Excel fun part 2 - Pivot Table work
Hi fellow Excel users and fans,
Back with my second edition of the first post, found here for the last part of my recent excel epiphany.
One thing I wanted to note was that the data I was working with, I had to break it into multiple sheets so that each sheet only contained one filtered subset of information to keep things easy to handle, with less or no in-sheet filtering and extra work that could mess things up in the future.
A Pivot Table, what is it????
Now that I had all of that information at my finger tips in the entirely new dataset I was working with, came my next Excel epiphany of sorts. I was doing lots of jumping that day. Originally, I was using Power query to get the data columns transformed to then calculate averages at the bottom of the excel sheet to then pull into the pivot table. Boy was I overjoyed when I learned that pivot tables do that calculation for you!
If you haven't used pivot tables and use excel often, you are certainly missing out! My wife raved about them for years and I sort of yawned and "yes"'d her to death when she told me stories like I told her. She laughed and told me "now you finally understand why I was so excited but you didn't seem to understand what I was talking about :P"
When you are in Excel, have the file open then click the "Insert" tab then "Pivot Table" to coordinate the data you want to put into a pivot.
For the first time doing a pivot table in a workbook, you usually want to insert it into a new sheet. For an existing pivot sheet, change it to "existing sheet" and tell it where you want to go.
I'm not going to lie, the first time I opened a pivot table I was very intimidated by all the choices. Can't excel just do it for me and I tweak it? Well no, there is so much great variability that it requires you to guide it along. Once you get a basic understanding of how it gets laid out when you put pieces of information in each spot, it makes more sense. For me, each piece of data requires me to figure out where I want to lay it out in the pivot, so trial and error is the name of the game.
The awesome part of my two-part epiphany with pivot tables is that you can change what a pivot is doing with the values you are looking at. As you can see, if you insert something numerical in the "Values" section of the pivot, it provides you with lots of numerical representations. For my particular scenario I wanted to show a count of one value for overall "grand total" type data, but I also wanted to show some TAT (average, to be precise) data as well. I thought I would have to manually go into each sheet and calculate it and put it at the bottom and create a new row for averages. Thankfully I stumbled upon the "value field settings" section of the pivot! To get it to change to value field settings, where it says "Count of Cust..." and there is an arrow next to it, click the arrow and choose the [bottom] option "Value Field Settings" to make adjustments to how the data is processed.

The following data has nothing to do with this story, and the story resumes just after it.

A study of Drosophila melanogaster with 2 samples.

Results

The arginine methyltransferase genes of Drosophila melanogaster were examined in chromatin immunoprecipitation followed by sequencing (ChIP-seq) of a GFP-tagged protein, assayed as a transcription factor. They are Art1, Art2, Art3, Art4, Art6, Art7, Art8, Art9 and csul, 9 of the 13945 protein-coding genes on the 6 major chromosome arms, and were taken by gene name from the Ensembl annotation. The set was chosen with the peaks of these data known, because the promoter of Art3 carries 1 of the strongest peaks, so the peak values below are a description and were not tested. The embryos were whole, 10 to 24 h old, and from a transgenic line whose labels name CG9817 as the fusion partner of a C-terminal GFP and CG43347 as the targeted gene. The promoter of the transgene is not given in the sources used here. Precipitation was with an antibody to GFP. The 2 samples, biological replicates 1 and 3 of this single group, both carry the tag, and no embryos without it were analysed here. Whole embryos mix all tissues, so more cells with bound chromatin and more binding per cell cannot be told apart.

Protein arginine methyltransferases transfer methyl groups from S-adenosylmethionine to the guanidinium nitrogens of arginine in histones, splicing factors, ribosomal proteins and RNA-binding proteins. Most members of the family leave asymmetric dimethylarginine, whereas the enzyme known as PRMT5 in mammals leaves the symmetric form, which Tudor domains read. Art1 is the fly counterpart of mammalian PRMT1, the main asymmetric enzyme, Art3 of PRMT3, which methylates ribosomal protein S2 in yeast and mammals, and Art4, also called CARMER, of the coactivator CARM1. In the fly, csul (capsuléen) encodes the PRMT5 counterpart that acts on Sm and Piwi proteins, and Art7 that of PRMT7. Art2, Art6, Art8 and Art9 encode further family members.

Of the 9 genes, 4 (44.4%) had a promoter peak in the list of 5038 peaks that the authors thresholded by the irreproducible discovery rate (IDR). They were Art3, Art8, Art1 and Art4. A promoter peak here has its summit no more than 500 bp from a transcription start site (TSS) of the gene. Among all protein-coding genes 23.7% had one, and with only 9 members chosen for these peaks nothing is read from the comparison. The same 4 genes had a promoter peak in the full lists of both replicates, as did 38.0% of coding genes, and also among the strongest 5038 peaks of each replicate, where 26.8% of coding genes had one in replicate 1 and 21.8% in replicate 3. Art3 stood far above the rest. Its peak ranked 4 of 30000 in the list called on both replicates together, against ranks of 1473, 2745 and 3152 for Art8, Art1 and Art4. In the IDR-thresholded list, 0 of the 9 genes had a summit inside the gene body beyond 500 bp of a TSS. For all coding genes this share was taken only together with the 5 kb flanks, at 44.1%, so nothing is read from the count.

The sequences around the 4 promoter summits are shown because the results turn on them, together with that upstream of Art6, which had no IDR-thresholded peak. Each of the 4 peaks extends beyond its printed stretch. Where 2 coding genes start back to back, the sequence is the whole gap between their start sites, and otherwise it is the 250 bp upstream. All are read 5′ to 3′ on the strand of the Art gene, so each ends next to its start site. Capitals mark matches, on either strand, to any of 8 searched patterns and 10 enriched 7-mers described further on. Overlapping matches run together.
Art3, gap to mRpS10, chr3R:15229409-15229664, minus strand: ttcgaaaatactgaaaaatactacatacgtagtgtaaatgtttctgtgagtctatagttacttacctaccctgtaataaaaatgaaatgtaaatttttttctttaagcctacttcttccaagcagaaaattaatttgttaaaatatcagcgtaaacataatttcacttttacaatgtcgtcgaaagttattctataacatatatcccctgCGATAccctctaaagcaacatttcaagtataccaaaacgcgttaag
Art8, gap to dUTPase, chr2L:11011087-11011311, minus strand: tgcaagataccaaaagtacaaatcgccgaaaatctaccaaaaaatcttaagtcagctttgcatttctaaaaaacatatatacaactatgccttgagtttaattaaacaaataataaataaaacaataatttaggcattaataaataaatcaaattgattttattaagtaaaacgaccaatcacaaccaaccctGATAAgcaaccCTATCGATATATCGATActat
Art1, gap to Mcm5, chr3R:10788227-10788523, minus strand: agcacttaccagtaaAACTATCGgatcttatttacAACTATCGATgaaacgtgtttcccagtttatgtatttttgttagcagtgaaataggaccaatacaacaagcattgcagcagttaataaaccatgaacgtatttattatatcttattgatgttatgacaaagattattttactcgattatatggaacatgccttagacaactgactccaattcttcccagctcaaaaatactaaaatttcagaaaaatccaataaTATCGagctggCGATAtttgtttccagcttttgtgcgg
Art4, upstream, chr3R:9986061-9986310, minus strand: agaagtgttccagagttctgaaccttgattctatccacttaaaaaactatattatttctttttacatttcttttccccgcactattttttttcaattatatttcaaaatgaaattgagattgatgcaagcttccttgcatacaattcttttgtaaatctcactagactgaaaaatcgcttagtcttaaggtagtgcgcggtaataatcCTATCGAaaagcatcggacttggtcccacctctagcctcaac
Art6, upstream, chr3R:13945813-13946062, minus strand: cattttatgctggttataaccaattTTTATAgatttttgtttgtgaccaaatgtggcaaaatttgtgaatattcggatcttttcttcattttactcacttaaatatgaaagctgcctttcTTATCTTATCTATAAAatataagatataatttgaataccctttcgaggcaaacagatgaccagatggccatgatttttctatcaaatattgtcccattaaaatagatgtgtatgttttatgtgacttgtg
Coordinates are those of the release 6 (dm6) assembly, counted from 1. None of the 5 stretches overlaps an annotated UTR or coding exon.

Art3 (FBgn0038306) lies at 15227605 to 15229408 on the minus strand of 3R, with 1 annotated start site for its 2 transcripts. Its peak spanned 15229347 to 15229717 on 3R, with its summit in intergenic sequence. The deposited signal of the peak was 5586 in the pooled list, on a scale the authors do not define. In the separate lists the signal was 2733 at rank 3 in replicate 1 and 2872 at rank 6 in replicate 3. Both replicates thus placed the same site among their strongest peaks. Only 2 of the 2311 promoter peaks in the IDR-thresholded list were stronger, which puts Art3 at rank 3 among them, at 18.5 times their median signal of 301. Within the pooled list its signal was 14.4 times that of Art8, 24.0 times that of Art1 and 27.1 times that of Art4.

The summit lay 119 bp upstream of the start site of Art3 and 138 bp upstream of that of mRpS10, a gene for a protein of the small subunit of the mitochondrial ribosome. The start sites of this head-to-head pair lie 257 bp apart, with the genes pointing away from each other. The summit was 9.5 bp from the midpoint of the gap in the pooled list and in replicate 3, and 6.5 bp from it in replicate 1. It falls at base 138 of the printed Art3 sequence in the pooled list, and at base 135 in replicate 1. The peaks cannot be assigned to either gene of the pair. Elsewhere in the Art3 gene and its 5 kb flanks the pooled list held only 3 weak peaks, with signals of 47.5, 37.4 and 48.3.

I changed it from "count" on the date/time of one of the values and it instantly calculated the TAT that I painstakingly put together with a formula that refused to work a few times. Boy did that completely slice up my timeline for how long it took to process one dataset!
It then shows nicely when you put them together. Having it do all the calculations for you as well as labeling the data with what you want is a very nice look! I repeated this with the rest of the sections I needed, and have a new request to do this in minimum and maximum so it will be fun to give that a try as well.
My last Excel epiphany I played around with is I spent a fair amount of time on each pivot, pulling in the right data, columns and formatting them to look nicely but certainly there is a faster way to do that, I had thought.
Couldn't I just copy and paste? Well yes you can, by golly!
To do this, I went to the "Analyze" tab when you are in the pivot table design and editor. This will give you a few choices but we are interested in the "Select" tab, which you would then use to select "Entire PivotTable" that we would like to copy.
Once you have determined where you would like to paste the table (for consistency, I always insert a pivot 6 cells below the bottom row of the pivot above it, that way it's consistent and looks clean but also allows you to add additional options in the future if you need to [sometimes when adding different rows for example, it bumps the pivot table upwards one cell and Excel doesn't like it much when you try to do that and bump up against the pivot above it]) and paste it. This makes an exact copy, formatting and everything, of the pivot from above into a new pivot below. Now for the most time efficient trick to re-do all of the work you did to get the pivot looking awesome, "Change Data Source" will save you precious minutes/hours!
Once you have change data source open, select the different sheet you wish to use and bam! It does the calculations and formatting you applied to make the other pivot looking great, to the new one. This includes the column grids, any colors you add to it and exactly replicates it with new data which saves so much time!
You will look like an excel pro (fake it 'til you make it, eh?) to those who are interested in looking at this data! (in some fields I guess, others may have people who know lol)
Let me know how you use it!
Are you an excel user? Let me know how you use it, I'd love to talk about it and see and learn things from you! Was my little guide easy to follow? Let me know if there are improvements on explaining something. I would also be interested to find out an easier way to do this if possible, just to learn something more. Can't hurt to try.
I know @paulag is an excel wiz on here but I'd love to find some others who have an affinity for number crunching and analytics! Consider following her other page, https://steempeak.com/@theexcelclub for more!